This study examined the effects of three different treatment doses of a motor skill intervention (the Children’s Health Activity Motor Program [CHAMP]) on changes in preschoolers’ motor performance.
Onehundred and nine children were divided into one of four groups: control and three CHAMP dosage groups: T1, 660 min; T2, 720 min; or T3, 900 min. Motor performance was assessed before and after the intervention using the Test of Gross Motor Development, 2nd Edition (TGMD-2). We used a 2 (time) × 4 (treatment) mixed-measures ANOVA to determine interaction and main effects. Significant interactions were decomposed using separate one-way between groups ANOVAs at each time point followed by Tukey’s post hoc tests.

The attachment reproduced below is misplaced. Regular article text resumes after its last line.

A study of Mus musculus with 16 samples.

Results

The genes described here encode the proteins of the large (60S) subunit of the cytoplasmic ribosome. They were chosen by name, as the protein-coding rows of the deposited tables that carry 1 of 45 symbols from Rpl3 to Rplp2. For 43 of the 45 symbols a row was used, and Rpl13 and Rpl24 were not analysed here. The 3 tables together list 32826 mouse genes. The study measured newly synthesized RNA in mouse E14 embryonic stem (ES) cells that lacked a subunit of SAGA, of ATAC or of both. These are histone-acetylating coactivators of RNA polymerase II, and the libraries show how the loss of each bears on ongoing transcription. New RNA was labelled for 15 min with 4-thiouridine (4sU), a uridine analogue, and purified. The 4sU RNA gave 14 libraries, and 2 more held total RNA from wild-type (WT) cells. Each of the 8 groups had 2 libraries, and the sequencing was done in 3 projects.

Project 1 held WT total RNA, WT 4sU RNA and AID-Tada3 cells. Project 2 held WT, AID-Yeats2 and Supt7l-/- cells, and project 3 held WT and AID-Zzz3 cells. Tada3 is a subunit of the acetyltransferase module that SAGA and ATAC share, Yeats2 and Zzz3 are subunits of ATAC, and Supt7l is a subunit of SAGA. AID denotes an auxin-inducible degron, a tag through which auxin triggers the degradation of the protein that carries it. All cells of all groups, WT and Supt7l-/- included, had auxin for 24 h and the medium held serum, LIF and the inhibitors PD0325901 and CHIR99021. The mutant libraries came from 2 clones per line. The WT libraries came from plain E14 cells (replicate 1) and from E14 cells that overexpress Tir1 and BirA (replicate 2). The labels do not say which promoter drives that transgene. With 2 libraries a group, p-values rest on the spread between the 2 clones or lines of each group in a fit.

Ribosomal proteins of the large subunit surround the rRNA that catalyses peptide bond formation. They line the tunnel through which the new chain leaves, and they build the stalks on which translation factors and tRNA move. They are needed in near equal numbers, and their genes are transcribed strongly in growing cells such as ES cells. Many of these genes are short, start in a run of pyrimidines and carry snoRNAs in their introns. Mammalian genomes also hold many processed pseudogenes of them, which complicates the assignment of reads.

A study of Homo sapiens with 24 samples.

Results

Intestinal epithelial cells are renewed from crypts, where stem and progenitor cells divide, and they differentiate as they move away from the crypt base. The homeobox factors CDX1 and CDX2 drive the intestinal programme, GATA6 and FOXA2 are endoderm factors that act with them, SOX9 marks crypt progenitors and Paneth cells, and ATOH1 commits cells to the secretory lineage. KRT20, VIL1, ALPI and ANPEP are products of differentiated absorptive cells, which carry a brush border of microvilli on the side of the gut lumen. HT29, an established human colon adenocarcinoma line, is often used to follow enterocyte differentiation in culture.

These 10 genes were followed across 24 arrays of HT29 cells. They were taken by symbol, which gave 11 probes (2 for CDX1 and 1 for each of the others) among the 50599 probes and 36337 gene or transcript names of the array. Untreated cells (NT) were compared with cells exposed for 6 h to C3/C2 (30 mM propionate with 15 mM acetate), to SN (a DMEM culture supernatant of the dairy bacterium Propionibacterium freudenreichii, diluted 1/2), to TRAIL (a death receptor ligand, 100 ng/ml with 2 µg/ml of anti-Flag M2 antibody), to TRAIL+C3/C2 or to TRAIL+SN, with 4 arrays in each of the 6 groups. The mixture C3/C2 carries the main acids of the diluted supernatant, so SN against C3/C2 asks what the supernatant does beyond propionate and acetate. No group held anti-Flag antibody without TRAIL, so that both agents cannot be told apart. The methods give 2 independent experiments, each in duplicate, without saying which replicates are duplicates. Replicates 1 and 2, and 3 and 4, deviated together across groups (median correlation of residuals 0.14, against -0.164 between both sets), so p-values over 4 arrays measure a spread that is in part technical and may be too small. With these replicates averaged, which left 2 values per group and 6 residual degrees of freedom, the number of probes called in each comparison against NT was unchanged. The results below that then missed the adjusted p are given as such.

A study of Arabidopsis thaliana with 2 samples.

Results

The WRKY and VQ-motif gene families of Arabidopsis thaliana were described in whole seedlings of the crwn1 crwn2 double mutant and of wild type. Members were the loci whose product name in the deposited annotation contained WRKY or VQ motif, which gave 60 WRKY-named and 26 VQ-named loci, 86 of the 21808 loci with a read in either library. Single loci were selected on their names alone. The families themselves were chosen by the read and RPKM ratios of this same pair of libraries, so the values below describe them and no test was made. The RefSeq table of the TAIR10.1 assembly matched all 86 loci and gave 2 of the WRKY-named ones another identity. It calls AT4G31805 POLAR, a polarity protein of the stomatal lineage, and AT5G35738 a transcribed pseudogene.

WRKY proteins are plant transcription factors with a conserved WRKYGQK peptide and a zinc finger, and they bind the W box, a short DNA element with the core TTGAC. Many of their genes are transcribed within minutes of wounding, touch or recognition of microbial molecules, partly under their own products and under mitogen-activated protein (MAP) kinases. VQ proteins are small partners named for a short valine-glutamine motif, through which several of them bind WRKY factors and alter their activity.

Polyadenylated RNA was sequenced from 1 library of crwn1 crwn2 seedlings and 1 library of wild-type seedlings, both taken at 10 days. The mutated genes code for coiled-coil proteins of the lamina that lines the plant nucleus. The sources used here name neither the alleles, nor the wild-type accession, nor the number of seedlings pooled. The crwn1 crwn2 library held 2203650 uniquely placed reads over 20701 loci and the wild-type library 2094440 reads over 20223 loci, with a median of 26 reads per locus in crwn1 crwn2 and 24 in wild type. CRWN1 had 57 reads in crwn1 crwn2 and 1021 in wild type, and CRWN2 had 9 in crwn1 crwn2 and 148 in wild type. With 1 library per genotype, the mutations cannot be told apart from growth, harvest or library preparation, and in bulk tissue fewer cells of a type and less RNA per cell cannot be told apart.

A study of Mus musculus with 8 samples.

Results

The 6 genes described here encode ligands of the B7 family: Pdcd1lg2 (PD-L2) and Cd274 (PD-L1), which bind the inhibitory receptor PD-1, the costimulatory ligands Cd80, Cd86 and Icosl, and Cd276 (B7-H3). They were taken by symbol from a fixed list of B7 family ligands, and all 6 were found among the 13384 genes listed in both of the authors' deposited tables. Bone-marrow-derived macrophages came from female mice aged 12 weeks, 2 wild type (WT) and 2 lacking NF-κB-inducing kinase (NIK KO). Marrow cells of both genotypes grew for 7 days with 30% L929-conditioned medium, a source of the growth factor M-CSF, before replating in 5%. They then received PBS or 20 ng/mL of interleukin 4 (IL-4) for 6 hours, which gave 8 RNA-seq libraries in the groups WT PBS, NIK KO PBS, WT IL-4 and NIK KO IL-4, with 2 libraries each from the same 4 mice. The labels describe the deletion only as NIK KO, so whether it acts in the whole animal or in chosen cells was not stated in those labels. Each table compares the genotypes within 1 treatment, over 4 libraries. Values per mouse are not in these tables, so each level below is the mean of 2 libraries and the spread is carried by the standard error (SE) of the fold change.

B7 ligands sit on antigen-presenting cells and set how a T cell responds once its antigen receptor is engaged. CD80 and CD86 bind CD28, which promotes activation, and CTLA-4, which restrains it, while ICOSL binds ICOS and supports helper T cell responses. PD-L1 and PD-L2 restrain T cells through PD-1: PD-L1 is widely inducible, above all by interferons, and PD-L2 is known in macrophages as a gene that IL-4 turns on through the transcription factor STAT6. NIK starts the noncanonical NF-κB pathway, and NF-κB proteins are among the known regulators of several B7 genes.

Results revealed a significant time × treatment interaction (F3, 100 = 16.79; p < .001). There were no differences across treatment groups before the intervention (F3, 100 = .075, p < .90), but after the intervention the control group had significantly lower TMGD-2 scores compared with all three CHAMP intervention groups (F3, 100 = 9.92, p < .001, all post hoc tests, p < .001). Posttreatment differences can be attributed to greater improvements in motor performance following the CHAMP intervention regardless of specific dosage.
Motor performance scores for all children who completed CHAMP significantly improved.
Robinson and Palmer are with the Child, Movement, Activity and Developmental Health Laboratory, School of Kinesiology, University of Michigan, Ann Arbor, MI. Meehan is with the Human Sensorimotor Laboratory, School of Kinesiology, University of Michigan, Ann Arbor, MI.